I’ll be the first to admit that I’ve not read much children’s fiction as an adult. Growing up, I read voraciously on whatever I could get my hands on (and that my mother would allow me to read). “The Monster of Marnmouth Valley” is a book I would have loved as a child. Charlie J. Greene has crafted an excellent first book, particularly for young girls who have always wanted to experience adventures like their brothers or male friends. It’s not a perfect book (because there are no such things) but it is delightful in so many ways.
The heroine of our tale is Ellian Woodborough, a plucky, energetic young girl of only twelve years of age. The first chapter of the book introduces us to our principal character deftly, written with spirit and precociousness. Raised on stories of valor and daring adventures, Ellian wants nothing more to become an Adventurer, even applying to the Tepporwood Bureau of Exploration and Quests, the guild of her local town that assigns out Adventurers and Guides (aka Sidekicks) to complete missions.
That there is a guild out there that would assign a child a potentially dangerous and life-threatening adventure seemed off-putting to me at first. But there is a long history of this in fiction, particularly fantasy fiction. It’s a well-worn trope that Charlie Greene subverts well, since we’re given information that Ellian has taken steps to improve her chances as an adventurer. She’s a proficient hunter and has taken the time to learn how to survive in the wilds around her home of Tepporwood. It’s rare that authors like this take the time to explain that adventuring requires certain skills to ensure survival, and I applaud Charlie for covering that in her story.
The fateful day arrives, and Ellian is given her first quest by the Bureau. But it is not what she expected, and that is the second-best subversion found in this story. One would expect that since Ellian is our chief character that she would be the heroic adventurer, but that is not the case. She’s the sidekick, the Guide who helps the Hero complete their quest through any means necessary. And the Hero is not what you would expect either.
Our second lead character is a refreshing take on the Heroic Lead in Beth, a spinster of advanced age who is “The Chosen One”. Fate plays a role in choosing who is the star of a particular quest, and it is the role of the Guide to make sure that Chosen One can complete their destiny. It’s a well-worn trope that made me initially groan when it came up. But then Charlie Greene played into it further, revealing that although one may complete a task, that doesn’t mean they want to. Beth chooses to complete the task, just as Ellian took the role of Guide to help her do that.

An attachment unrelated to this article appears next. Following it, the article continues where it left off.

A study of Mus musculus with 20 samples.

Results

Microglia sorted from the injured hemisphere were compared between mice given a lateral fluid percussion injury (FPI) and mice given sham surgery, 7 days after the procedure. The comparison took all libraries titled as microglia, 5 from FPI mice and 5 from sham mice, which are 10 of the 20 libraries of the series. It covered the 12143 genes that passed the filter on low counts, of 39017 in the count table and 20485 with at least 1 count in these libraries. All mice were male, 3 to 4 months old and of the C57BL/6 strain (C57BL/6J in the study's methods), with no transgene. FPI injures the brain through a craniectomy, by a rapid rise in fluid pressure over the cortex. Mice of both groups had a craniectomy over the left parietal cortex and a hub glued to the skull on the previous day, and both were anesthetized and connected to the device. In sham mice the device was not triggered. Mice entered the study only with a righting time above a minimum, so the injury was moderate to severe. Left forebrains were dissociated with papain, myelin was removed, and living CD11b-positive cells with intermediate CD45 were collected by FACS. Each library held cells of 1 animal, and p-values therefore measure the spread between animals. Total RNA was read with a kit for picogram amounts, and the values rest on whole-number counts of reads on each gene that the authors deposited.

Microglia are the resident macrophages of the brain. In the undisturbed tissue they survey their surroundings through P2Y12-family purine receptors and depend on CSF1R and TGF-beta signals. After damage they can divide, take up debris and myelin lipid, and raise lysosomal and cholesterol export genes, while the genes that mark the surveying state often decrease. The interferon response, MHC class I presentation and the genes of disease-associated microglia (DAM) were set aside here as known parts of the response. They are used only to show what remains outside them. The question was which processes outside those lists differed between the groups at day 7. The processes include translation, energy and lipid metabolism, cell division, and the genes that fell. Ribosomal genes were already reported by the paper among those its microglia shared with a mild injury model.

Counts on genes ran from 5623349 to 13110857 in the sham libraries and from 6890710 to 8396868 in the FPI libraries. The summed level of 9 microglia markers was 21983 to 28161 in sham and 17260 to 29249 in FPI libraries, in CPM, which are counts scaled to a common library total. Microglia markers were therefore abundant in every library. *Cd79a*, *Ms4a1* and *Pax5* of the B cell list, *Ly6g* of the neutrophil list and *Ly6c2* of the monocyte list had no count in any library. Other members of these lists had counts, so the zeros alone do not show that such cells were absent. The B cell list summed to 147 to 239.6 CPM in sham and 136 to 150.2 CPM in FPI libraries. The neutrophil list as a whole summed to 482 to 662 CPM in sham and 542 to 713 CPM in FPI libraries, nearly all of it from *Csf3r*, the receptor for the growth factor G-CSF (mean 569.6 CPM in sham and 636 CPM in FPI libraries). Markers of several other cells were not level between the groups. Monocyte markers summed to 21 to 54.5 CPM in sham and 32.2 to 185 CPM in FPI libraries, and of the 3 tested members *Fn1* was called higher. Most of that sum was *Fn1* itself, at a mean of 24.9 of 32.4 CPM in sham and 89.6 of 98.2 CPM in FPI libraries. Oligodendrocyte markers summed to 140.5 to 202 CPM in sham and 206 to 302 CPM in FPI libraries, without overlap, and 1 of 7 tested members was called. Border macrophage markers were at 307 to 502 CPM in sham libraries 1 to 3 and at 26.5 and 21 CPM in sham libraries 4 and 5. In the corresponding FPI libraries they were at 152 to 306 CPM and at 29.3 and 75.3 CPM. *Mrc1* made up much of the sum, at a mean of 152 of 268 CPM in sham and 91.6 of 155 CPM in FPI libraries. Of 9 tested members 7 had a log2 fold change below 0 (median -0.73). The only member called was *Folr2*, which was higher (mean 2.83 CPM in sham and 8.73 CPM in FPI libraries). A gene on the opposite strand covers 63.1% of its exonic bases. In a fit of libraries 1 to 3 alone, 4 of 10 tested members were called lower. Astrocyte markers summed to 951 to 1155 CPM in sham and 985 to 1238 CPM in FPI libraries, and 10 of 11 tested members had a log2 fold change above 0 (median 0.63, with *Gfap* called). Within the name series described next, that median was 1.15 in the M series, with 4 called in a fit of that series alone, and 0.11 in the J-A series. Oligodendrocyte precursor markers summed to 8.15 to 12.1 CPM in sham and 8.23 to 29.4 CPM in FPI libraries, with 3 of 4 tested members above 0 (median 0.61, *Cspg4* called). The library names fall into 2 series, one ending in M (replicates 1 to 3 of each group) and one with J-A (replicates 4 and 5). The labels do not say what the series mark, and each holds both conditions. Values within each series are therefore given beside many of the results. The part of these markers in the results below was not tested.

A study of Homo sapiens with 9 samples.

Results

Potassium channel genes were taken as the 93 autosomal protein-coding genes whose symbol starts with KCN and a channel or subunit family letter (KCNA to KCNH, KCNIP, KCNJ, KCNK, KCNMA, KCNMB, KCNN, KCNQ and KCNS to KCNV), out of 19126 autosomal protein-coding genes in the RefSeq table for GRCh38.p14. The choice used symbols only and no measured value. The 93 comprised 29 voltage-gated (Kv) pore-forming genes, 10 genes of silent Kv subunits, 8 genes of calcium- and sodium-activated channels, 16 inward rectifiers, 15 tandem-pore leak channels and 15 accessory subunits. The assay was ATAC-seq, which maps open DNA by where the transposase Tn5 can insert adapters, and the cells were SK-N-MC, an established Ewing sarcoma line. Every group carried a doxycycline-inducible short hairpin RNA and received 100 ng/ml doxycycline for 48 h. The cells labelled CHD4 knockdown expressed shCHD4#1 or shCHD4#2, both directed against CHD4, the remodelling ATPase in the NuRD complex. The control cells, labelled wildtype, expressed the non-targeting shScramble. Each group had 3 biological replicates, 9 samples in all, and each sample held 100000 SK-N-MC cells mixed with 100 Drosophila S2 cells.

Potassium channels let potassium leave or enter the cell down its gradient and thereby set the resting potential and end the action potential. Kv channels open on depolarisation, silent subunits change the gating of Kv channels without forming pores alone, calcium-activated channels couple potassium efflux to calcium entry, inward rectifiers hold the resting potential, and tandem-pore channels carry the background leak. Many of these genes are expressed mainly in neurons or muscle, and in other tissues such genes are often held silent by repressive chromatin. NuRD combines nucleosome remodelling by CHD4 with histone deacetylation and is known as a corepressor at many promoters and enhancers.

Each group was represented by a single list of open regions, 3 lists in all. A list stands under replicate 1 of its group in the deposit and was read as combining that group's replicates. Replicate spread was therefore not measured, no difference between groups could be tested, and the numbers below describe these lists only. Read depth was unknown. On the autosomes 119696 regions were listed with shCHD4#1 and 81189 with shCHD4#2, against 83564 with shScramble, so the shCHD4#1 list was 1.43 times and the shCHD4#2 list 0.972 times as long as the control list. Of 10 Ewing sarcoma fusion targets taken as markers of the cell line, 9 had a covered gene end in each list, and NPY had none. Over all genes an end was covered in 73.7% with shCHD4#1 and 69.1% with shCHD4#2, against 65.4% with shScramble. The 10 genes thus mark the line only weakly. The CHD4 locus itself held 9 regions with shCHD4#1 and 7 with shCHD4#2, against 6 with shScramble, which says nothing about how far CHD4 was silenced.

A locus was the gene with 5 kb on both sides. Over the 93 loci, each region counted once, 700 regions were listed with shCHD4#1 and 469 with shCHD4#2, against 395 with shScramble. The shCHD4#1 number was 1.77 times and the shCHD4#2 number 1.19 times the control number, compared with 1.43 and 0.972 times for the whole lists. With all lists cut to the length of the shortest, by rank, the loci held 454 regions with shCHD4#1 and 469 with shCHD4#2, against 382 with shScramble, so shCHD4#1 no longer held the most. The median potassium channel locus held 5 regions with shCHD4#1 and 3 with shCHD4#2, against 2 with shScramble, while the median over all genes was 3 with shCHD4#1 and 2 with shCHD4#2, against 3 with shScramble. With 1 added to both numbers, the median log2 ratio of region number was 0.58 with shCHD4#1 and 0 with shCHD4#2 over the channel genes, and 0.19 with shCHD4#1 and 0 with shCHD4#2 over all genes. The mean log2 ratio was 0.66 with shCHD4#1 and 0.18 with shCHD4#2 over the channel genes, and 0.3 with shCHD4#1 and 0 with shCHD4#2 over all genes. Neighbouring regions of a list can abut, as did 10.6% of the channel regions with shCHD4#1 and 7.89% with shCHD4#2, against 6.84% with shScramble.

The world the characters live in is fleshed out well, with a fair amount of world-building. Since this is a book mainly aimed at children and it’s a relatively short novel, it’s not as in depth as some other books, but that fits the potential audience for the book. All the characters introduced feel like actual people, with no one standing out as a mere cardboard cutout meant to provide exposition or a stock nefarious character. The standout to me were Ellian’s Mother, who provides a valuable lesson to Ellian about finding her place in the world and the things she is passionate about. Another wonderful character is Saul, the woodworker who is introduced later in the story, that helps complete the quest. Since this is a fantasy story, there are obstacles and monsters that impede our heroes on their quest. I loved how Charlie Greene set these up and provided interesting solutions for them. I won’t spoil any of them, but I found their resolutions to be ingenious and well within the capabilities of the characters. Nothing stood out to me as out of character for how they could come up with a way to get around or solve the obstacle being faced. There is a contrivance near the end of the book that I can easily forgive because it reveals more of who Beth is and why she is in the circumstances, she’s in when introduced to the story.
From beginning to end, this was an enjoyable reading experience and one that I would whole-heartedly endorse for any child, particularly young girls who are fascinated by fantasy stories. The themes of heroes never standing alone and forgiving one’s self for past mistakes are lessons anyone can take to heart, particularly adults who understand the mistakes they make have consequences. If you’re a parent who wants to introduce their child to fantasy fiction, this is a good place to start. It has a more modern feel to it than classic children’s fantasy, but they can find here all the elements of those classic stories.